Ten more captive-bred Pygmy Hogs, the world’s smallest and rarest wild pig most threatened by extinction, have been released in Manas National Park in western Assam by the Pygmy Hog Conservation Programme (PHCP) on Wednesday and Friday, officials said.
This is the third time Pygmy Hogs have been reintroduced in Manas after the successful release of 14 in 2020 and 12 in 2021.
The PHCP plans to release 60 Pygmy Hogs in Manas by 2025.
Manas field director, Dr. Vaibhav Chandra Mathur said that the pygmy hog species which has been recovered from the verge of extinction in the wild.
With the tiger reserve serving as the source stock of hogs for the PHCP, this tranche of supplementation with a captive bred population is going to strengthen conservation efforts especially for tall wet grasslands, for which the pygmy hog serves as an indicator species, he said.
Mathur said that at the same time, this is an opportunity to develop scientifically and statistically robust monitoring protocols for the species, which are practically implementable in the field on a periodic basis, so that a pulse can be kept on Pygmy Hog numbers and their distribution status.
In 1995, the UK’s Durrell Wildlife Conservation Trust, partnered with the Assam Forest Department, the IUCN, Wild Pig Specialist Group, and Union Ministry of Environment, Forest and Climate changes, to form the PHCP.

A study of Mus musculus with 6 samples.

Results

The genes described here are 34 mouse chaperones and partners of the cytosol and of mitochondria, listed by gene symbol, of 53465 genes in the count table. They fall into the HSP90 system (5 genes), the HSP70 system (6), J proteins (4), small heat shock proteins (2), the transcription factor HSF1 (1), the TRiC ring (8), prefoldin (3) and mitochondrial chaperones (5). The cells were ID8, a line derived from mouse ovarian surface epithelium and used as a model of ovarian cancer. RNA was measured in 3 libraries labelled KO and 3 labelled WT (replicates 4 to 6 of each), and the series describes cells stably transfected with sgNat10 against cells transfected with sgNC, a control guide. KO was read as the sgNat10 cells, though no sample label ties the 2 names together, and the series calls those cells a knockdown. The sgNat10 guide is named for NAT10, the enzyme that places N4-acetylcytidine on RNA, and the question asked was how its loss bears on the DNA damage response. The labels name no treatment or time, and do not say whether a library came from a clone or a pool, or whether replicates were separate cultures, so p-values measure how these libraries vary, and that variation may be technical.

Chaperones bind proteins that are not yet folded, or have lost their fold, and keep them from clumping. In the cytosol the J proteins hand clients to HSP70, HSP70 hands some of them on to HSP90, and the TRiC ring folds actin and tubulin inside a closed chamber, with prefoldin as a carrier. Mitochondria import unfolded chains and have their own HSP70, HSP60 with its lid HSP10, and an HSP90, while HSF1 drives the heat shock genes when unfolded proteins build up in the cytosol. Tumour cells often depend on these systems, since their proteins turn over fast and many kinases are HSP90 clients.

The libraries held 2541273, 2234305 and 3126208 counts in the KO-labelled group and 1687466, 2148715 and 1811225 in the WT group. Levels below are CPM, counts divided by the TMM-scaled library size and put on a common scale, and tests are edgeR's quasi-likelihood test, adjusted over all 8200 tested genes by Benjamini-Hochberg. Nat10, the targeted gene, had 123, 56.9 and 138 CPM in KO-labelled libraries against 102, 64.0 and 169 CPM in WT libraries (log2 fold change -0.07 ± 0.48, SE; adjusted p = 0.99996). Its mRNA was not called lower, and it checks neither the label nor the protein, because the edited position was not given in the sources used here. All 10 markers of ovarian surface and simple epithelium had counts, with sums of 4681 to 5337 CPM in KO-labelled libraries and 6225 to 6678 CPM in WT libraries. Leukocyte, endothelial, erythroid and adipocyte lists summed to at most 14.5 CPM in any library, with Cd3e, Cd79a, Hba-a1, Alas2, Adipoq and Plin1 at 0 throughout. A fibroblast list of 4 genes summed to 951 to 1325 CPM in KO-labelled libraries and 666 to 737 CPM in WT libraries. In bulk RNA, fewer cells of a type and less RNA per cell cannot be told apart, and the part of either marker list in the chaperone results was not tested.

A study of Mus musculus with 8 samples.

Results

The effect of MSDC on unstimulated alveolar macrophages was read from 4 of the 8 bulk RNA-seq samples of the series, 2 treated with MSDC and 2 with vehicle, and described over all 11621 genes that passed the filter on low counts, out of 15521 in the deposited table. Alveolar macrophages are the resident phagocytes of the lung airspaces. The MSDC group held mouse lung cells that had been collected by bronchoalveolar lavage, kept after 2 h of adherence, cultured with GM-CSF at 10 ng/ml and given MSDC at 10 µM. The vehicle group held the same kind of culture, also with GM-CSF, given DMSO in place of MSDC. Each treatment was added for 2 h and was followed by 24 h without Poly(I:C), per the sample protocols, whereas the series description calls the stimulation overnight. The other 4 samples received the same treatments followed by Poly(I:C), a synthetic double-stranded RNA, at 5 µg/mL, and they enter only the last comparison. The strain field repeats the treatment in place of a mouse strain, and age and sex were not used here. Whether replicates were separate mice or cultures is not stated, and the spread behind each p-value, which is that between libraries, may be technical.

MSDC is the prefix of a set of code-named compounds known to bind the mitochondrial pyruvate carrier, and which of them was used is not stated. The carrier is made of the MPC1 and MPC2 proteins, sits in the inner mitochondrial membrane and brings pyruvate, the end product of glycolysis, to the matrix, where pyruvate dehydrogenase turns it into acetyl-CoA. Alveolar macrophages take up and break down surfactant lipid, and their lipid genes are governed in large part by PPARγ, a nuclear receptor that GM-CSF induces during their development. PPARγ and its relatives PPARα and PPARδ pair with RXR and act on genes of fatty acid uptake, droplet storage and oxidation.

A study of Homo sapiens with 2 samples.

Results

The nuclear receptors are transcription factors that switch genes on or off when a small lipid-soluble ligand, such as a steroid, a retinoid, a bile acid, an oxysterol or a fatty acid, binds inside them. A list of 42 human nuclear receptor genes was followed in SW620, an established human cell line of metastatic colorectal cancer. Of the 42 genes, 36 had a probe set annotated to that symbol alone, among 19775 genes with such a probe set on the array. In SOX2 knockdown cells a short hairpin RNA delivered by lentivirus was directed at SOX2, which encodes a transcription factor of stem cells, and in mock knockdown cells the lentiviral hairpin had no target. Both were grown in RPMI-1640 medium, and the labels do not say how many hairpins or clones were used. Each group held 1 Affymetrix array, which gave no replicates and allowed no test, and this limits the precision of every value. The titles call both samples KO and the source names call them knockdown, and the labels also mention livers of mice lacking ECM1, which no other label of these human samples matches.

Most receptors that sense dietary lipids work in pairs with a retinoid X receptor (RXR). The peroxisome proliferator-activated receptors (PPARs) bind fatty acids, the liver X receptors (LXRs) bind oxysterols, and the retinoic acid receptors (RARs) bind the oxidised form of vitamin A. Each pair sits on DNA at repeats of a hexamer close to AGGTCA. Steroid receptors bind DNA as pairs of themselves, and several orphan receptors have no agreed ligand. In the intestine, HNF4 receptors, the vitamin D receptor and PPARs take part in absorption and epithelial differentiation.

Mathur said that the iconic species now returns to their home where their last original population still survives but has considerably declined.
With this release, the number of Pygmy Hogs reintroduced into the wild by the PHCP has reached 152 (70 males, 82 females) which is more than their current original global wild population.
In 1996, six hogs (2 male, 4 female) were captured from the Bansbari range of Manas National Park to start the highly successful breeding programme.
Later, a young male rescued in 2001, and another male and two females captured in 2013 from the same range joined the captive breeding stock. Reintroduction of captive hogs in the wild began in 2008.
Initially, three protected areas in their historical distribution range in Assam were selected for better protection and restoration of alluvial grasslands.
Earlier 35 hogs (18 male, 17 female) were released in Sonai-Rupai Wildlife Sanctuary, 59 (26 male, 33 female) in Orang National Park, and 22 (11 male, 11 female) in Barnadi Wildlife Sanctuary.
Dr. Bibhab Kumar Talukdar, chief executive officer of Aaranyak, a renowned NGO and a key partner of the PHCP, said: “Conservation of lesser known species such as Pygmy Hogs, Bengal florican, and Hispid hare and other grassland obligatory species is equally important as those of charismatic species such as the tiger and the one-horned rhinoceros.
“The Pygmy Hog reintroduction effort will help the grassland as they indicate health of the habitat and also the programme envisaged to contribute for restoration of their habitat.”
In the last two years when both coronavirus and African swine fever in Assam have caused a major challenges for the PHCP, the successful release of these 14 hogs in 2020 and 12 hogs in 2021 is a landmark achievement and is the key step on the road to the establishment of a new subpopulation of Pygmy Hogs in Manas National Park.
Manas National Park, bordering Bhutan, contains some of the largest remaining grassland blocks in the sub-Himalayan grassland ecosystems.
Found only in these tall dense alluvial grasslands, Pygmy Hogs are incredibly shy and are almost never seen.
Durrell Wildlife Conservation Trust CEO, Dr Lesley Dickie, who came to Assam to take part in this year’s Pygmy Hog release, said: “Durrell has been committed to conserving the tiny but precious Pygmy Hog, and their grassland home, for decades.”